Judge John Wooten oversaw the ceremony and offered his thoughts on the program, which was started by Judge J.O. Bond in 2002.
“When I first heard about these programs, I felt they were just get-out-of-jail-free cards,” said Wooten. “But I’ve seen these programs change lives. Addiction is, I’ve often said, it’s a very selfish way of life. You have to serve your addiction. Our program – especially early on – is selfish, too, but it’s about giving people the tools to change their lives.”
The drug court is for those who are felony offenders within the five counties served by the 15th Judicial District. The bulk of the participants come from within Wilson County, which is why the program is based in Lebanon.
During its first year, there were 80 people assessed and put through the rigorous screening. Of those, 12 were admitted to the program and three of those graduated.
The first graduate recognized Friday was Carlos Spivey, a Macon County resident who came to the program in May 2016. Spivey called his life prior to the program “unmanageable” and said his least favorite part of the two years he spent in the program was the drive from Macon County to Lebanon. Spivey said his life goal was to grow old by not using drugs.
The second graduate was Nichelle Harper, a Trosudale County resident who’s currently working toward getting her certified nurse’s assistant license. The day after Harper entered the program in February 2016, her house burned down. She said she looked at the program at the time as additional punishment. She hopes to work with people who want to start a life of recovery in the future and teach them to focus on themselves and work around distractions.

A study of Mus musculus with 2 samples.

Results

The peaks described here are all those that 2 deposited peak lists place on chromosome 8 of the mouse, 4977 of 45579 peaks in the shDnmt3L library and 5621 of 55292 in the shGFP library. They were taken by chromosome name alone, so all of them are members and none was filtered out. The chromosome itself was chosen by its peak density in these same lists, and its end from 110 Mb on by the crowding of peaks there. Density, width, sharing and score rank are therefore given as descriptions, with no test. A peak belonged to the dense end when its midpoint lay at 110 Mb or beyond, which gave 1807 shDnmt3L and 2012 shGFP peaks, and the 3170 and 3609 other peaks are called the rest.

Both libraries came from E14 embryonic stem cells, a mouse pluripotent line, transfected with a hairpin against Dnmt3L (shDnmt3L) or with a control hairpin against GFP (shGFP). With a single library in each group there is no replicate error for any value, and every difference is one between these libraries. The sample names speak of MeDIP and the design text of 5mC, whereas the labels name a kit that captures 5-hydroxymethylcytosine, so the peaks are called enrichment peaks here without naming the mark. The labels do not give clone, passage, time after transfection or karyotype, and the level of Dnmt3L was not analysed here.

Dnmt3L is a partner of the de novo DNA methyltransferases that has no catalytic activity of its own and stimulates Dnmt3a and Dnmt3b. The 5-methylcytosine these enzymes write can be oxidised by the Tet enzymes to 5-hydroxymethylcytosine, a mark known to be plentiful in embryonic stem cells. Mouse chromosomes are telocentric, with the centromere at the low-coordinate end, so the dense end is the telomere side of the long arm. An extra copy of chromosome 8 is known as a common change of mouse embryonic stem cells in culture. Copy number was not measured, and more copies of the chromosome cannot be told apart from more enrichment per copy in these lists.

“It’s been an interesting two years,” said Harper. “The journey seemed it would be difficult, and when my house burned down, I contemplated serving time instead. My anxiety and depression were weighing me down, and I was self-medicating for that. I feel like I’ve grown up mentally and emotionally through the program. I’m here, and I’m sober. I’m far from where I want to be, but I’m closer than I’ve been before.”
Jordan McCarter, of Wilson County, was the third graduate recognized. McCarter started his program in the Morgan County facility, where participants are expected to stay in the facility at all times. After a year, he transferred to the Wilson County program, where he had more freedom. McCarter said his life before drug court was a fight every morning to wake up and struggle through it. Now, he’s set goals to get his driver’s license, get his son back and eventually be stable enough to help others like him gain peace of mind in their own lives.
Darlene Cahill, of Smith County, described her life before drug court as shattered like a windshield on a car, but she said drug court gave her a new windshield. Cahill came to Wilson County’s program in May 2016, and she has worked with several other addiction programs during her time there. She sponsors two people now and is currently working to plan the 2018 Music City Roundup, an annual Alcoholics Anonymous event. Cahill said she knows she’ll always be an addict but won’t be an active addict.
“I will die with this disease, but not because of this disease,” she said.
The last graduate recognized was Deidre Bashaw, of Wilson County. Bashaw came to the program in October 2016 and, similar to Cahill, described her life before the program as a crack in a window over time. She described herself before the program as broken, homeless and unhappy but thanked the drug court for helping her get her life back.